Animal Architects: Building and the Evolution of Intelligence by James L. Gould and Carol Grant Gould
The 2007 book Animal Architects: Building and the Evolution of Intelligence by James L. Gould and Carol Grant Gould explores structures built by animals – nests, cocoons, spiderwebs, beaver dams, and the like.
This is an extremely interesting topic, and so I read this book with great interest. Animal Architects is very readable, and provides good information on spiders and insects – especially social insects like wasps, ants, bees, and termites. There is also an extensive discussion of how birds build nests and bowers.
The mud nest of the American cliff swallow (Petrochelidon pyrrhonota)
I found the discussion of bird nests particularly interesting – especially the way in which construction style was linked to taxonomy (p. 181).
The male Great Bowerbird (Chlamydera nuchalis) of northern Australia builds and decorates an elaborate bower (which has no practical utility, but exists only to attract females)
The authors are based in Princeton, New Jersey, but there is a surprisingly large number of references to Australian wildlife (about a dozen mentions). Perhaps this reflects the interesting range of birds and insects living in Australia. Well-known animal architects like the beaver help to round out the overall story.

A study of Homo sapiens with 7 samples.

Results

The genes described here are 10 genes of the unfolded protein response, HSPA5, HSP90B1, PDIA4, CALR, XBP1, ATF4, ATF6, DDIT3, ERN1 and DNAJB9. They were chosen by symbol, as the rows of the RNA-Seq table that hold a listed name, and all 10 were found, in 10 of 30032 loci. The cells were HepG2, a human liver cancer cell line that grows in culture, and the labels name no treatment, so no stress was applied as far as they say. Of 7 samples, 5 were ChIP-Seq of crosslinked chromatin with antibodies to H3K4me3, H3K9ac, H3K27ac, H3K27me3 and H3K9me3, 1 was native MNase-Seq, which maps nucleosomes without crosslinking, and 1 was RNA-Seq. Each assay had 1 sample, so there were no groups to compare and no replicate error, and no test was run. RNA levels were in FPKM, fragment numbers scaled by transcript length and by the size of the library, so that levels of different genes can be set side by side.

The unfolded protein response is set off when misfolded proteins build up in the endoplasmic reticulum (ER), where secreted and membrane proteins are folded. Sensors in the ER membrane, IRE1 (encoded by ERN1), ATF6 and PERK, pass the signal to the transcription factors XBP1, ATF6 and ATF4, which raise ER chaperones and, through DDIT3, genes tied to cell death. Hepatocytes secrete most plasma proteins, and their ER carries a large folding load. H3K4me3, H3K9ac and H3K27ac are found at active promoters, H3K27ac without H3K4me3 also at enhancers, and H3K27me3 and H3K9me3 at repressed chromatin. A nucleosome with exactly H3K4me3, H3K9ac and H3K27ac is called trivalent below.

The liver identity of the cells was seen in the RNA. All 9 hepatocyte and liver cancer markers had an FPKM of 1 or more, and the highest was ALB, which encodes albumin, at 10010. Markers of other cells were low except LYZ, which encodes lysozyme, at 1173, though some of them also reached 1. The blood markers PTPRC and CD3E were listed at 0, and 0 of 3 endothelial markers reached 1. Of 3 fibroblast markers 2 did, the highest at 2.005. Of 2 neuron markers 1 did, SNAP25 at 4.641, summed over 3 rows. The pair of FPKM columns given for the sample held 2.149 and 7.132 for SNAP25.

However, four things annoyed me about this book. First, there are readings for each chapter, but no specific endnotes. Second, there seemed to be considerable speculation, as to the cognitive mechanisms that might be involved, without any actual evidence being cited. Third, there was no reference to simulation studies. In many cases, the only way to tell whether simple programmed rules can generate observed behaviour is to program the rules and try it out. The results can be surprising at times (for example, bacteria can home in on chemical concentration gradients, in spite of not being able to sense the direction of such gradients, and not being able to steer). And fourth, some statements seemed rather debatable. For example, many biologists would disagree with the claim that “the [wasp] builder needs to know where she is in the overall structure under construction, and what needs to be built there” (p. 88) – arguing instead for stigmergy as the key mechanism. There is also the rather odd statement that “human speech has fewer than three dozen consonants” (p. 273). In fact, there are more than this just in Hindi, and far more in the IPA.